Men do it differently from women — and shifting demographics suggest there will be a lot more of them in the years to come.
The New York Times looks at this phenomenon, and how hospitals and hospices are working to address it:
The loss of a loved one is a profoundly heartbreaking experience, but it is not the same for everyone. Research increasingly suggests that men and women experience grief in different ways, and the realization has bolstered a nascent movement of bereavement groups geared to men throughout the country. Many of them are affiliated with hospitals and hospice centers.
Concern about reaching men in grief has gained new urgency with shifting demographics. The number of men age 65 and older increased by 21 percent from 2000 to 2010, nearly double the 11.2 percent growth rate for women in that age group, according to census figures. As the gender gap in life span narrows, experts suggest that more men will be facing the loss of loved ones, particularly spouses.
Many will be not be prepared for the experience. The loss of a spouse often is crushing for men physically as well as psychologically. In a 2001 paper published in The Review of General Psychology, psychologists at the University of Utrecht in the Netherlands confirmed earlier data showing widowers have a higher incidence of mental and physical illness, disabilities, death and suicide than widows do. While women who lose their husbands often speak of feeling abandoned or deserted, widowers tend to experience the loss “as one of dismemberment, as if they had lost something that kept them organized and whole,” Michael Caserta, chairman of the Center for Healthy Aging at the University of Utah, said by e-mail.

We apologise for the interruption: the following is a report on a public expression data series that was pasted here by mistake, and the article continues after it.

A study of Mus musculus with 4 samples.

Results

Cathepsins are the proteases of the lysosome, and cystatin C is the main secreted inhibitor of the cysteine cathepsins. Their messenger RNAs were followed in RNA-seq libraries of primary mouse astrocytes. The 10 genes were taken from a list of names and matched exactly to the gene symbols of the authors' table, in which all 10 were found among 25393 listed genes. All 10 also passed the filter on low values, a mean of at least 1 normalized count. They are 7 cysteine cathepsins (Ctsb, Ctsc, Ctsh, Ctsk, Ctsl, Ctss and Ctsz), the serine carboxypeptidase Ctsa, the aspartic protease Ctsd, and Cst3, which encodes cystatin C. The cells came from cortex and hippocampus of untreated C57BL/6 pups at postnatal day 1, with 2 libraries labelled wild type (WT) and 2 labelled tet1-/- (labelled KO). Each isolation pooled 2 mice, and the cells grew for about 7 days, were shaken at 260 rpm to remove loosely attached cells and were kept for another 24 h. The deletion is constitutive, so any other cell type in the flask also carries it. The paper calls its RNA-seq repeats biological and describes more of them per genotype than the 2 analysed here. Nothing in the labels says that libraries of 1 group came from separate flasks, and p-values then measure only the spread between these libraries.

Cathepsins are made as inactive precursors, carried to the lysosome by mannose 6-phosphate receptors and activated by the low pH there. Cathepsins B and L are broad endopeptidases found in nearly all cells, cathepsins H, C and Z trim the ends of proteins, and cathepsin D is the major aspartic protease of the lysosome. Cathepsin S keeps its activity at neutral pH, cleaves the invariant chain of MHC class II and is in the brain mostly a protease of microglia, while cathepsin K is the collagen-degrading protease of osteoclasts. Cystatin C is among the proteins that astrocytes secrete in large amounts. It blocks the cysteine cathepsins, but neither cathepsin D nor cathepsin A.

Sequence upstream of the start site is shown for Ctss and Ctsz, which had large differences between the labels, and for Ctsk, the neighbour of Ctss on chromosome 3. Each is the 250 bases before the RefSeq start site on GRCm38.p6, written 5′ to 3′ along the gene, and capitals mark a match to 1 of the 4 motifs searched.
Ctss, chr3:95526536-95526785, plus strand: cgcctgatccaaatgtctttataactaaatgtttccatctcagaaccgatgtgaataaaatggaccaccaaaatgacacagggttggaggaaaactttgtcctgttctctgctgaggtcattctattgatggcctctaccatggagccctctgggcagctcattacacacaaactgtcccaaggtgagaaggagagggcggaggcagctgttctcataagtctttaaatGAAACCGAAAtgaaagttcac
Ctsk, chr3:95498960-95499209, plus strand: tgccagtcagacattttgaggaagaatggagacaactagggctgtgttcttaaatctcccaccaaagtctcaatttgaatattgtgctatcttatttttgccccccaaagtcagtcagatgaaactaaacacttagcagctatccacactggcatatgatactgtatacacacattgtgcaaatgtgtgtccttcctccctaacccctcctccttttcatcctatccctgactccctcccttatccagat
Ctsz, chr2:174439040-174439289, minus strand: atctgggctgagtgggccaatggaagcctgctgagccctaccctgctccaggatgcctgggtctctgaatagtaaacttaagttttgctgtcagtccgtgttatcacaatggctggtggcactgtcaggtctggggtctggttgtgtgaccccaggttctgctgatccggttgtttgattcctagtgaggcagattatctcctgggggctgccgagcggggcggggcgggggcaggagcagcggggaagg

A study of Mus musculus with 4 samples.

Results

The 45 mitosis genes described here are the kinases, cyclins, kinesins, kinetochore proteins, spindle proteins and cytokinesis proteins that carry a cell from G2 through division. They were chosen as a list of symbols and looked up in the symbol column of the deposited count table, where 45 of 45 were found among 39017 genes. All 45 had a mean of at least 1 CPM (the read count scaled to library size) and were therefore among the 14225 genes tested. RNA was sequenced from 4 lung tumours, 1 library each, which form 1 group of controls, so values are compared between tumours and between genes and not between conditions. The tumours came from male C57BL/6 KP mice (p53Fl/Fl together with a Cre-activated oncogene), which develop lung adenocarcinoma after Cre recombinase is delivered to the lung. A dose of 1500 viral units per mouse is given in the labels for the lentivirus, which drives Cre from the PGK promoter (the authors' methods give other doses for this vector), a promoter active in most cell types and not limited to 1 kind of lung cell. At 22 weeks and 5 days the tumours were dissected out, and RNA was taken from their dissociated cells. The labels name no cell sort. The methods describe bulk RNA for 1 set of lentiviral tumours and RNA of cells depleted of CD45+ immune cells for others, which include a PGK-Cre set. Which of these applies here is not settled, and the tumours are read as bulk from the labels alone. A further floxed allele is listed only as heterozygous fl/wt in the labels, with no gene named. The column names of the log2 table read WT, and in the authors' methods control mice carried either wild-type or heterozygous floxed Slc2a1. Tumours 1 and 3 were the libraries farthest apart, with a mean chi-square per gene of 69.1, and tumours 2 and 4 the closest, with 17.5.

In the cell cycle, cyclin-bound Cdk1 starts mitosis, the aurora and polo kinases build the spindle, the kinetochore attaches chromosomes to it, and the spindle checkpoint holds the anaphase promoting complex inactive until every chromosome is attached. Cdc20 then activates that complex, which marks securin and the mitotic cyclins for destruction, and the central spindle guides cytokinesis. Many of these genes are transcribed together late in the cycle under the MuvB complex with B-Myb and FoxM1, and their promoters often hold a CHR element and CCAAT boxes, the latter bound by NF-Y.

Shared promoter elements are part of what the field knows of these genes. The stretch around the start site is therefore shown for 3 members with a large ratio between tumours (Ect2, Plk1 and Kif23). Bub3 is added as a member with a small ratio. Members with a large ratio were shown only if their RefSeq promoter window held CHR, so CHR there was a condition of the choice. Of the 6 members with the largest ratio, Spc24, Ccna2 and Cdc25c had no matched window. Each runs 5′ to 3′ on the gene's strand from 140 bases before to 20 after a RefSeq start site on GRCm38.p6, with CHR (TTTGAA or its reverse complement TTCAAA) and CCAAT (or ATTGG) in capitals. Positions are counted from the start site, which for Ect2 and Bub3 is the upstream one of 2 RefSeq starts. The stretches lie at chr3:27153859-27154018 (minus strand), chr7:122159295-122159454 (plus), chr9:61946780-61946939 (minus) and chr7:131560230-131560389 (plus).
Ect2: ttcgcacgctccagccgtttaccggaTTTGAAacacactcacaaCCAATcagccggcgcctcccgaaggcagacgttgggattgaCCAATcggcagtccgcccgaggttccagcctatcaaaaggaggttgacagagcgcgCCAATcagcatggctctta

The Harvard Bereavement Study, a landmark late 1960s investigation of spousal loss, found that widowers experienced the death of a wife as a multifaceted tragedy, a loss of protection, support and comfort that left many at sea. The men in the study relied heavily on their wives to manage their domestic lives, from household chores to raising their children, the researchers noted.
The grief of men is compounded, Dr. Caserta added, by the fact that so many have been reluctant to directly address real feelings of deep sadness; until recently, men were expected to be emotionally controlled and inexpressive. Simply persuading grief-stricken men to attend a bereavement group is still no small challenge.
“While there’s strong indication that grief therapy helps men, historically men generally don’t join groups,” Phyllis Silverman, a grief researcher and an author of “Widower: When Men Are Left Alone,” said in a telephone interview.
There are also differences in the length of time men grieve, compared with women, and how long it takes to move on. An old axiom that “women mourn, men replace” turns out to be untrue.
“It used to be thought that men grieve acutely and heal more quickly, and that women grieve chronically over a longer time period,” said George A. Bonanno, a clinical psychology professor at Columbia University in New York.
But now, Dr. Bonanno said, many researchers believe that grief follows a more complex pattern in both men and women.
“No matter what sex, we oscillate between positive and negative emotions, between waves of sadness about the loss and hope for the future,” he said in a telephone interview. “This can be frustrating for men, who often seek the ‘quick-fix’ approach.”